The Human Factor in Energy Use

The Human Factor in Energy Use

Posted on Posted in Climate Change Adaptation, Energy, People

According to behavioral finances, we often make decisions based on approximate rules of thumb and not strict logic, we rely on emotional filters to understand and respond to events, and that creates market inefficiencies. That’s why monetizing the risks and risk management tools can be very effective. Regardless of the solution, the first reaction is the question how much it will cost. The behavioral economic theory states that people make decisions based on the potential value of losses and gains rather than the final outcome, and losses hurt more than gains feel good.

Profitable sustainability includes four major factors: economic, political, social and environmental. All are strictly interconnected with a human factor.

Energy decisions are influenced by all four factors. Access to low-cost energy has been fundamental to modern economies but limited supplies, uneven distribution, and rising costs of fossil fuels create threads to energy security and the need to switch to more sustainable energy sources. Threats to energy security include the political instability, manipulation of energy supplies, attacks on supply infrastructure, accidents, natural disasters, and terrorism.
In addition, volatility in energy prices create enormous concerns and impact global markets. It is quite significant that the latest research by the World Energy Council reveals that for the first time energy price volatility creates greater concern than climate change framework. It goes beyond just oil and gas prices but includes the coal-to-gas switch in the US; growing use of coal in Europe and thus higher emissions; the drop of solar module prices; and shifting interests of the infrastructure companies to Asia.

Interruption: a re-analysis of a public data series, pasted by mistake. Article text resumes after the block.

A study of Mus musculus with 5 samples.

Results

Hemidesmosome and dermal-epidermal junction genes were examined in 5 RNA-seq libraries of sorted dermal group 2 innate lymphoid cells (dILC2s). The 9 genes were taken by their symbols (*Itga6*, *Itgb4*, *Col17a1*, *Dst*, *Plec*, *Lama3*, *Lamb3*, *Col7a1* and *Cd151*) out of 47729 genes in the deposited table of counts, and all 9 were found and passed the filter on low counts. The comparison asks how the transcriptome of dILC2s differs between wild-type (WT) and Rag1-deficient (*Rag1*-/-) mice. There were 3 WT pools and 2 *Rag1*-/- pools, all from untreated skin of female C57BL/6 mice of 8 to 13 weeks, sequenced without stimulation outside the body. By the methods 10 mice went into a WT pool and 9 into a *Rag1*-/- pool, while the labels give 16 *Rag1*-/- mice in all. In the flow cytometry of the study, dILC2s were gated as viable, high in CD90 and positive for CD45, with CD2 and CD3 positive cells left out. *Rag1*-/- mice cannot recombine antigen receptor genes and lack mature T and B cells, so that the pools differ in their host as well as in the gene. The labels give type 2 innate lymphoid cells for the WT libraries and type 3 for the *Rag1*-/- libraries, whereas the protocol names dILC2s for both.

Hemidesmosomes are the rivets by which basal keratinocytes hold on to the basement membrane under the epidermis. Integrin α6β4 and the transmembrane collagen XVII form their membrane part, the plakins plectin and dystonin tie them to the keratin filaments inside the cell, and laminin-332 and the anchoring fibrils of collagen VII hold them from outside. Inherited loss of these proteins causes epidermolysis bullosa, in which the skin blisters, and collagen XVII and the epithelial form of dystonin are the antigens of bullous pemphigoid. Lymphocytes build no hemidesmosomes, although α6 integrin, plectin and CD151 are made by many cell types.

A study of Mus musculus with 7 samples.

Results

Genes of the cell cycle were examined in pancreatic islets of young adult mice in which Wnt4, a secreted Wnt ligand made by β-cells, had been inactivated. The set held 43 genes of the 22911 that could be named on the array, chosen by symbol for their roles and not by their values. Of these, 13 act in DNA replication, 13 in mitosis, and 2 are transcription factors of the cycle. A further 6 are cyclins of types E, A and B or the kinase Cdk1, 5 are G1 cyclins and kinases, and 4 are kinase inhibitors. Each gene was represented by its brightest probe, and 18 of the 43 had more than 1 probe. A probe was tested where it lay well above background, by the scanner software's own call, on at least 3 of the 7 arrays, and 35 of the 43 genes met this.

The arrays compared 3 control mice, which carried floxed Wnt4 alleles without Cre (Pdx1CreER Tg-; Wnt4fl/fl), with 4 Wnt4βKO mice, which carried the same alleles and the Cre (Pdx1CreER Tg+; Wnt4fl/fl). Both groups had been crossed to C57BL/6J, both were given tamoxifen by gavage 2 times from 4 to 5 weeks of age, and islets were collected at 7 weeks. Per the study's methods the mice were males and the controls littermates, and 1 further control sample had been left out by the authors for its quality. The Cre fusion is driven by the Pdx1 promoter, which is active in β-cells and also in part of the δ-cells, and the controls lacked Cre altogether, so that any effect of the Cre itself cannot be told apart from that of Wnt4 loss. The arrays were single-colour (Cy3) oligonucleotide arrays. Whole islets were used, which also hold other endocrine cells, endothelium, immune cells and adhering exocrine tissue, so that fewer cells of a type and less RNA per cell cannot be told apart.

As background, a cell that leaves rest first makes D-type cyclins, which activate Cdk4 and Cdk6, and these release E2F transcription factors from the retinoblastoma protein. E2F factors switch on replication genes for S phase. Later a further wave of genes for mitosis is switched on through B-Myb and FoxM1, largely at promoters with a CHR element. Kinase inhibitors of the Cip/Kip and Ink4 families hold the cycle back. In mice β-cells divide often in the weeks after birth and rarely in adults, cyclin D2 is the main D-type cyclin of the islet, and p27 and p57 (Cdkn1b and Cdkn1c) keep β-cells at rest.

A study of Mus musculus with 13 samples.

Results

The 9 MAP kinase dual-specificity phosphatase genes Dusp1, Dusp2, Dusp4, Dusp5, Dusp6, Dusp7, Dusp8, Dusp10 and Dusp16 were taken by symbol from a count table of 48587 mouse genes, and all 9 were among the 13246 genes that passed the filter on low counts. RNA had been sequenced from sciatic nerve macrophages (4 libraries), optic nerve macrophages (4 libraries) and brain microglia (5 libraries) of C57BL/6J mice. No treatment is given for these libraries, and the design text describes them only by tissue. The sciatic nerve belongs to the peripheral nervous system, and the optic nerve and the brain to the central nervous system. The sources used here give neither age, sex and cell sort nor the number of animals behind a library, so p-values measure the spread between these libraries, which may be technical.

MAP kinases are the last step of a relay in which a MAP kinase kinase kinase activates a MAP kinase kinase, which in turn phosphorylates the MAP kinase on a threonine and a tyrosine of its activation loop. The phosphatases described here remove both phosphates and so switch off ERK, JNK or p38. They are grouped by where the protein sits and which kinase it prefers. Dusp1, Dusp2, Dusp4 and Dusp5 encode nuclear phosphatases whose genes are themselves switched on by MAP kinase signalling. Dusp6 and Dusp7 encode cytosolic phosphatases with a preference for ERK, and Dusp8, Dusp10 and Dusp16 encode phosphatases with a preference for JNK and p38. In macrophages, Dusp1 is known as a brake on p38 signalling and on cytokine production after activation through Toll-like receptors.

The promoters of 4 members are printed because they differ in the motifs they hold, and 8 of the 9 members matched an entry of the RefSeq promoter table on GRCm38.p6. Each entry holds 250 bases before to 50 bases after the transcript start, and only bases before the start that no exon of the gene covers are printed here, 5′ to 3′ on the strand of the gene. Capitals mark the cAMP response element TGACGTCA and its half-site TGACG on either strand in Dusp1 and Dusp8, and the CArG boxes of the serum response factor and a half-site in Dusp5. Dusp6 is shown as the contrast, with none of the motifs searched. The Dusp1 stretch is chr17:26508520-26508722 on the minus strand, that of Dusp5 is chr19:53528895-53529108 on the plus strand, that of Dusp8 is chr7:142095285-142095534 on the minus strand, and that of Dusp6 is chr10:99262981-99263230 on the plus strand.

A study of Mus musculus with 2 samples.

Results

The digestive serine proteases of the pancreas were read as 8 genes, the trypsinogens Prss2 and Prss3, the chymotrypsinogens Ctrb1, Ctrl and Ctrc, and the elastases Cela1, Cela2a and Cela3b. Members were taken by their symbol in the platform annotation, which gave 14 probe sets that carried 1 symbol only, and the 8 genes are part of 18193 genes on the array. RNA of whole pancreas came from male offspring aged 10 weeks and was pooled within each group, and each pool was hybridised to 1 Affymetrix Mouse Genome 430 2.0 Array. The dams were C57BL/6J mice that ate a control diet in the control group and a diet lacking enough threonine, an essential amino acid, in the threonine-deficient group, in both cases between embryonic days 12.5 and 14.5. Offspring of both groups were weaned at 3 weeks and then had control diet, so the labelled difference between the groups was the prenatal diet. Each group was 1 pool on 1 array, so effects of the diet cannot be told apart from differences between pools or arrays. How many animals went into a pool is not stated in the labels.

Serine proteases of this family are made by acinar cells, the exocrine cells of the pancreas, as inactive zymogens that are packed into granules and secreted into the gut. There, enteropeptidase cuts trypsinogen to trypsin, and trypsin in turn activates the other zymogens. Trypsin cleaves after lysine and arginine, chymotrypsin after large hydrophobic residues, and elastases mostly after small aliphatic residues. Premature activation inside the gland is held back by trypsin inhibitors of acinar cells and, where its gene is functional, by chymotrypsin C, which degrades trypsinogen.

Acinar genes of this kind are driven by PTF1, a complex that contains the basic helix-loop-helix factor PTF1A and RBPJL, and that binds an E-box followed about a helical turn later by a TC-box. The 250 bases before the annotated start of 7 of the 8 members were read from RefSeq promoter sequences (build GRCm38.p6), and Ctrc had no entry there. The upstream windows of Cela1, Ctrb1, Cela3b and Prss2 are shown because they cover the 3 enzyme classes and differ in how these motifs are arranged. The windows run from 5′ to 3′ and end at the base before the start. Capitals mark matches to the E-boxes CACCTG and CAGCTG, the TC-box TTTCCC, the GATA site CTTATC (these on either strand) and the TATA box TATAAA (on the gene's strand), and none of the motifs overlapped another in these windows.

Despite the extensively pronounced declarations of adopting social responsibility and sustainability, as well as social and environmental well-being, economic aspects remain one of the most important factors, unless imposed otherwise by law, regulations or public censure. Economic viability also provides a commonly acceptable excuse. Public outreach, engagement, and education have been found to serve as an effective interaction between communities and multiple levels of government, creation of local jobs, and inclusion of stakeholders. Our doubts and concerns are often based on assumptions and lack of understanding. Communities that have close ties and access to the information are more capable of social transformation and create impactful relationships.

Humans are at the same time a strong and a weak link of any activity.

People behavior, perception, and needs vary based on regions, locations, social norms, culture, mentality, and organizational structures. The most advanced technologies, the strictest procedures, the best training and education may be vulnerable to any human-induced risks.

Most of us agree that saving energy and water, especially in California, is fundamental. To grasp the magnitude of the global problem and see the big picture, it is imperative to set our mindsets right and develop a culture, similarly to our efforts toward safety.